Patrick Lencioni highlights fear of conflict as one of the five dysfunctions of the team¹. Team members striving to preserve an artificial harmony avoid or only half-heartedly conduct discussions where important opposing positions or points of view require to be aired and worked through. When this happens it often results in inferior decisions or outcomes which can negatively impact the performance of the team. It also can provide a poor role model for other teams in the organisation.
So how do we turn conflict around and use it productively?
One approach which Paula Cook, facilitator and coach, introduces and uses quite often is facilitating people to understand different points of view using a perspectives exercise. It is a simple yet powerful way of helping people to understand that in any situation there are multiple perspectives or interpretations that one can conclude based purely on the position from which you are viewing the situation or the frame of reference you are using. By creating the opportunity to see this and also stand in the other person’s shoes, so to speak, to appreciate the elements of validity in the position that you may disagree with. This helps to increase understanding and appreciation and potentially the avenues to finding a productive compromise or solution to the conflict.
Another approach used by Andrew Mackichen, facilitator and team coach, is based on the work of Susan Scott which she has labelled “Fierce Conversations”². She labels the technique “mineral rights”. It consists of three steps:
1. Opening Statement
There are a list of elements that require to be included in the opening statement in order for the process to be effective. These include:
1. Name the issue
2. Select a specific example that illustrates the behaviour or situation you want to change
3. Describe your emotions about this issue
4. Clarify what is at stake
5. Identify your contribution to this problem
6. Indicate your wish to resolve the issue
7. Invite your partner to respond
You see that this can be quite challenging as you do need to share your emotions about the issue and also your contribution to the problem. The critical piece is the last point – invite the other person to respond and listen.
This brings us to the Interaction step - Enquire into the other person’s view and actively listen to understand their position.
• Use paraphrasing and a perception check.
• Dig for full understanding: don’t be satisfied with the surface.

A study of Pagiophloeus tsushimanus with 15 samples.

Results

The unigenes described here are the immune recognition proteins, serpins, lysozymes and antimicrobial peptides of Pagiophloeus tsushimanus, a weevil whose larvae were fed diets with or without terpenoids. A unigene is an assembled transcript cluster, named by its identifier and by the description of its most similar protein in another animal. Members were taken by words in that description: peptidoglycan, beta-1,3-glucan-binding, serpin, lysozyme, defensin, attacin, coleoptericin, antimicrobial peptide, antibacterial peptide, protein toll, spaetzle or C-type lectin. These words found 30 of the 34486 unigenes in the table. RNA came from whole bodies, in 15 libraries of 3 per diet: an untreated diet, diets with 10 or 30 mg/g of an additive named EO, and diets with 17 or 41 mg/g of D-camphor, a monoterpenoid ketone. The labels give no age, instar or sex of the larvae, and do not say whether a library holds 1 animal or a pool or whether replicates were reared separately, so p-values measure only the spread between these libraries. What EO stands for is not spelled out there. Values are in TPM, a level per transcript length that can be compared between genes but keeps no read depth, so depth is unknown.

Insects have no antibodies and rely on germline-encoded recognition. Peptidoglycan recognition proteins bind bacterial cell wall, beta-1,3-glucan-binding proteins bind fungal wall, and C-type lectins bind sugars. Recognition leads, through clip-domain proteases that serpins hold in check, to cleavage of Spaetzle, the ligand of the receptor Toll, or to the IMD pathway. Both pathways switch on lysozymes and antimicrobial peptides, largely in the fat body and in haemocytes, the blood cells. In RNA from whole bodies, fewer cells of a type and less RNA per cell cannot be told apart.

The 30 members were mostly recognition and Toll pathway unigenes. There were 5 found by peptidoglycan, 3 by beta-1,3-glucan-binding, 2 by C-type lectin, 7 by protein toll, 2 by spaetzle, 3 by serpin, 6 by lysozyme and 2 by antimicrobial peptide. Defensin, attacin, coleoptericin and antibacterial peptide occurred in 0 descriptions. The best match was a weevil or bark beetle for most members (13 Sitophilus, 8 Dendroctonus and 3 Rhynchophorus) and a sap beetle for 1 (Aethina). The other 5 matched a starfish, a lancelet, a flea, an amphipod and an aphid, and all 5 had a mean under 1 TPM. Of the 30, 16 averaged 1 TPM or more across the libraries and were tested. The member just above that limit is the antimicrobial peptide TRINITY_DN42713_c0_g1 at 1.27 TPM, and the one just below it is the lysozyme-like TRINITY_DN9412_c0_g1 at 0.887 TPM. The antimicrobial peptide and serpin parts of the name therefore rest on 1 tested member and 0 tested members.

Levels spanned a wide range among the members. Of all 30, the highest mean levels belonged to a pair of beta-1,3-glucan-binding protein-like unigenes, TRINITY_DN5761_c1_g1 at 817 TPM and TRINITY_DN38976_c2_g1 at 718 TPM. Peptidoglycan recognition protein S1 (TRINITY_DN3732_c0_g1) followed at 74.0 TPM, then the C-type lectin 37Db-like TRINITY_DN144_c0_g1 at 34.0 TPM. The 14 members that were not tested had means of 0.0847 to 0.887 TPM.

• Make sure that your partner knows that you fully understand and acknowledge his or her positions and interests.
Once you have understood the other person’s position you can proceed to the resolution step which is a joint effort.
1. What have we learned?
2. Where are we now?
3. Has anything been left unsaid that needs saying?
4. What is needed for resolution?
5. How can we move forward from here, given our new understanding?
And the final element of resolution is to make an agreement and also agree how we will hold each other responsible for keeping it.
How to handle conflicts in a changing world
Julian Jencquel, coach, facilitator and conflict mediator stresses the importance of bringing to the situation a number of skills that cannot be improvised.
• emotional agility,
• multiple-level communication (i.e. factual and relational),
• a good understanding of Social Conflict Theory
So perhaps if the people involved in the conflict are critical people for the business and or the conflict has the potential to cause significant collateral damage it is worthwhile having the services of a professional mediator. This may be especially true when resolving the conflict has the potential to unlock significant benefits for the business. You can read more here where Julian gives an overview and some examples.
How can the PPI Network support?
We can equip your managers with conflict resolution techniques and or also provide professional mediation and conflict management coaching.
¹ The Five dysfunctions of a Team: A leadership fable. Patrick Lencioni. ISBN-13: 978-0787960759 ISBN-10: 0787960756.
² Fierce Conversations: Achieving Success at Work and in Life One Conversation at a Time. Susan Scott.